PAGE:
Iraqi families risk all to flee militant-held Hawijah

AFP , Sunday 10 Jan 2016

Hundreds of families are fleeing hunger and militant rule in the Iraqi city of Hawijah and surrounding areas, witnesses and officials said Sunday.

Many have died on the perilous journey to reach Iraqi security forces, which have moved closer to Hawijah following recent gains against the Islamic State (ISIS) group.

"These families walk for two days or more through the Hamreen mountains," Colonel Fattah al-Khafaji, the police chief in charge of the Hawijah region, told AFP.

The officer was speaking near Al-Fatha, where security forces say they receive and assist families that have fled militant-held villages every day.

Umm Ahmed, a 31-year-old mother, lost her husband and one of her five children on the way from Hawijah.

"We fled the injustice of Daesh (ISIS)," she said. "We were nearly dying, we had very scarce food and little fuel."

The haggard-looking woman, wearing several robes on top of each other to protect herself from the cold, said a roadside bomb went off as her family marched towards deliverance.

"It killed my husband and our child, whom he was carrying on his shoulders," said Umm Ahmed.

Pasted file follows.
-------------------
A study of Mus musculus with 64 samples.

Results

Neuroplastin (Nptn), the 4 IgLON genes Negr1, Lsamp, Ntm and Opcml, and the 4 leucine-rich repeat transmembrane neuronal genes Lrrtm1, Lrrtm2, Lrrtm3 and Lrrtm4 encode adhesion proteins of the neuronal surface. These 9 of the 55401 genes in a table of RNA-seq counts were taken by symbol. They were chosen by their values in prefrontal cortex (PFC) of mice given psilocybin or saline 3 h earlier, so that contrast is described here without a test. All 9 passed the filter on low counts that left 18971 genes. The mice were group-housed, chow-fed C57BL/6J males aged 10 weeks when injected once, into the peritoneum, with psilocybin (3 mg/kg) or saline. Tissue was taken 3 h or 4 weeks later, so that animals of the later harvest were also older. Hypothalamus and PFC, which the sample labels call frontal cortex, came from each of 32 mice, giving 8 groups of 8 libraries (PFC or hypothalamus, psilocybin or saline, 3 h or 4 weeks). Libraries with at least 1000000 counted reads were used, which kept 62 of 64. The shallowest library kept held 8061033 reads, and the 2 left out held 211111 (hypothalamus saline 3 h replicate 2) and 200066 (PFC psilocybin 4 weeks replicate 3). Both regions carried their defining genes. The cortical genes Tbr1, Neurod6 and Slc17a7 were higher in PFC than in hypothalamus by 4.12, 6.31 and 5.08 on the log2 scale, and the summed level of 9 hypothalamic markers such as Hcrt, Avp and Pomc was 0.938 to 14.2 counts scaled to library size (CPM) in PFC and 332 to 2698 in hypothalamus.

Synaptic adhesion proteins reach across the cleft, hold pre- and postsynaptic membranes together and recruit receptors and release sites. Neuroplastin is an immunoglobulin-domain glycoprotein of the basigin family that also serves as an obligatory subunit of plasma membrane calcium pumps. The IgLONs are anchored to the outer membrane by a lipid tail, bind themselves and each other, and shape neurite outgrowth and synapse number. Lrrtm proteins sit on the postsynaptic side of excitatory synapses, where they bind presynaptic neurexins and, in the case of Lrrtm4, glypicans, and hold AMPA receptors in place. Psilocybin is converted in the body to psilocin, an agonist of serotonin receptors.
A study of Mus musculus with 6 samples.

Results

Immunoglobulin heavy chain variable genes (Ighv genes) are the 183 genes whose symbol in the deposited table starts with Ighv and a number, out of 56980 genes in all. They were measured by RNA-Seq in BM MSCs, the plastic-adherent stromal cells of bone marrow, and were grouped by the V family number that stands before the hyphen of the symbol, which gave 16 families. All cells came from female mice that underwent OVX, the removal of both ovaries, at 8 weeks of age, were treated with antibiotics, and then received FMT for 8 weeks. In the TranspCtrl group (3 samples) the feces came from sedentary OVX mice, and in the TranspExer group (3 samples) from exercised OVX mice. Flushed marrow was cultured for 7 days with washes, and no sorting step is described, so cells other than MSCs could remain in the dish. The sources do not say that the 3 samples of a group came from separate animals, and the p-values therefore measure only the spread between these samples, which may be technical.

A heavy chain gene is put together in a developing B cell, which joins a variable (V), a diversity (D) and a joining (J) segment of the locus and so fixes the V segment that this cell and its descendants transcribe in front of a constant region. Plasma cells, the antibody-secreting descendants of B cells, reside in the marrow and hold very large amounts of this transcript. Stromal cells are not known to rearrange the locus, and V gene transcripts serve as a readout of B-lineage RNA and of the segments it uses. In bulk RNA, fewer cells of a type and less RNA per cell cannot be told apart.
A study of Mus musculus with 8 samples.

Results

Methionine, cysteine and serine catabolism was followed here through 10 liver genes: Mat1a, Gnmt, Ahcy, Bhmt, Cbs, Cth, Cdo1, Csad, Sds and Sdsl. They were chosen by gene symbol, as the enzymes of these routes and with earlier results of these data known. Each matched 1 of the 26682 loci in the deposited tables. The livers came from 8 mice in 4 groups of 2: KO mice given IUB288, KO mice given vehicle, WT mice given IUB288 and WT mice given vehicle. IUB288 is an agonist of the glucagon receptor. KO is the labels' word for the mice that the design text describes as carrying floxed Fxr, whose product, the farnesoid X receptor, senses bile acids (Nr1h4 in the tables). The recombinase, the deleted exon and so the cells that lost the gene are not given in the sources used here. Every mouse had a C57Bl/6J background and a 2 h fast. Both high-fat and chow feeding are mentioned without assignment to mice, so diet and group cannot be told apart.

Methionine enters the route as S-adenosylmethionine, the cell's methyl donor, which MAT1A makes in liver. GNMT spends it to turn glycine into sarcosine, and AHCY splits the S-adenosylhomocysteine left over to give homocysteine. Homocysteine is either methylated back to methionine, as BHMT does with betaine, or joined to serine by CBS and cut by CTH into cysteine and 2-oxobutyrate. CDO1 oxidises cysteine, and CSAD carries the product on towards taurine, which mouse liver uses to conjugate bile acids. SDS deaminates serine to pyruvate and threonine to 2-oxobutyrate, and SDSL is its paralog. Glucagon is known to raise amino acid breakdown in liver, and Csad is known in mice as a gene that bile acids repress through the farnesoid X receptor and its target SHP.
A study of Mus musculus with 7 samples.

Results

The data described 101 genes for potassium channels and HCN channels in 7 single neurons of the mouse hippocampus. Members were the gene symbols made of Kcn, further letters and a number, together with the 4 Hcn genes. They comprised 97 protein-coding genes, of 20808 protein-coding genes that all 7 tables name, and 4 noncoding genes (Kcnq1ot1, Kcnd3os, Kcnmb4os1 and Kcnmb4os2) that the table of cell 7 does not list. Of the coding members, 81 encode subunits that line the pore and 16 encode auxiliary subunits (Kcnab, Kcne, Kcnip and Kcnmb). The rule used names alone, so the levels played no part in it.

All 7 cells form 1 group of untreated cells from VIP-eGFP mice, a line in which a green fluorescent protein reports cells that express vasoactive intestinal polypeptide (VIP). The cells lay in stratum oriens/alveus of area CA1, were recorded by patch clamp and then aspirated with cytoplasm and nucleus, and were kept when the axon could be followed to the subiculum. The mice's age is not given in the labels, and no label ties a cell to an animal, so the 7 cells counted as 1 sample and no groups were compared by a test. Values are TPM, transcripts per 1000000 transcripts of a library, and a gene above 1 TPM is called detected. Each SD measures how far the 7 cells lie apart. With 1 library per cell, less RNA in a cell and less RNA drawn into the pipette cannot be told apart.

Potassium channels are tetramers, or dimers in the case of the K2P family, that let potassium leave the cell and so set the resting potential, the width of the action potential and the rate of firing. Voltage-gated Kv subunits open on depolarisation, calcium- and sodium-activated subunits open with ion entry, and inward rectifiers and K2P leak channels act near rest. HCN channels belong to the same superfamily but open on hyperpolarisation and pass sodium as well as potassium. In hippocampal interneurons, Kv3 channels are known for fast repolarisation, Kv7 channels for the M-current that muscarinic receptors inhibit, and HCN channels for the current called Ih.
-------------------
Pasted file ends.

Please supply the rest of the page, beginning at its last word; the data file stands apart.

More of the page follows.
"After the explosion, I shouted from the top of a hill: 'Come IS, come and kill us'. But nobody came," she said, explaining that she carried her son's body the rest of the way but had to leave her husband's behind.

Hawijah, around 220 kilometres (140 miles) north of Baghdad, is one of the militants' stronghold but the noose is tightening around it, with Kurdish peshmerga forces holding positions north and east, and federal forces as well as tribal fighters inching closer from the south and west.

Most of the rescued civilians head to Al-Alam, a town north of Tikrit on the eastern bank of the Tigris which has become one of the main hubs in the Salaheddin province.

"We have received around 2,200 families over the past two months from Hawijah, Zawiyah and various neighbouring areas controlled by Daesh," mayor Laith Hamid al-Juburi said.

Witnesses and officials said the families need to pay ISIS about $400 per individual to leave. The men and teenagers are not allowed to at all and are targeted if they attempt to do so.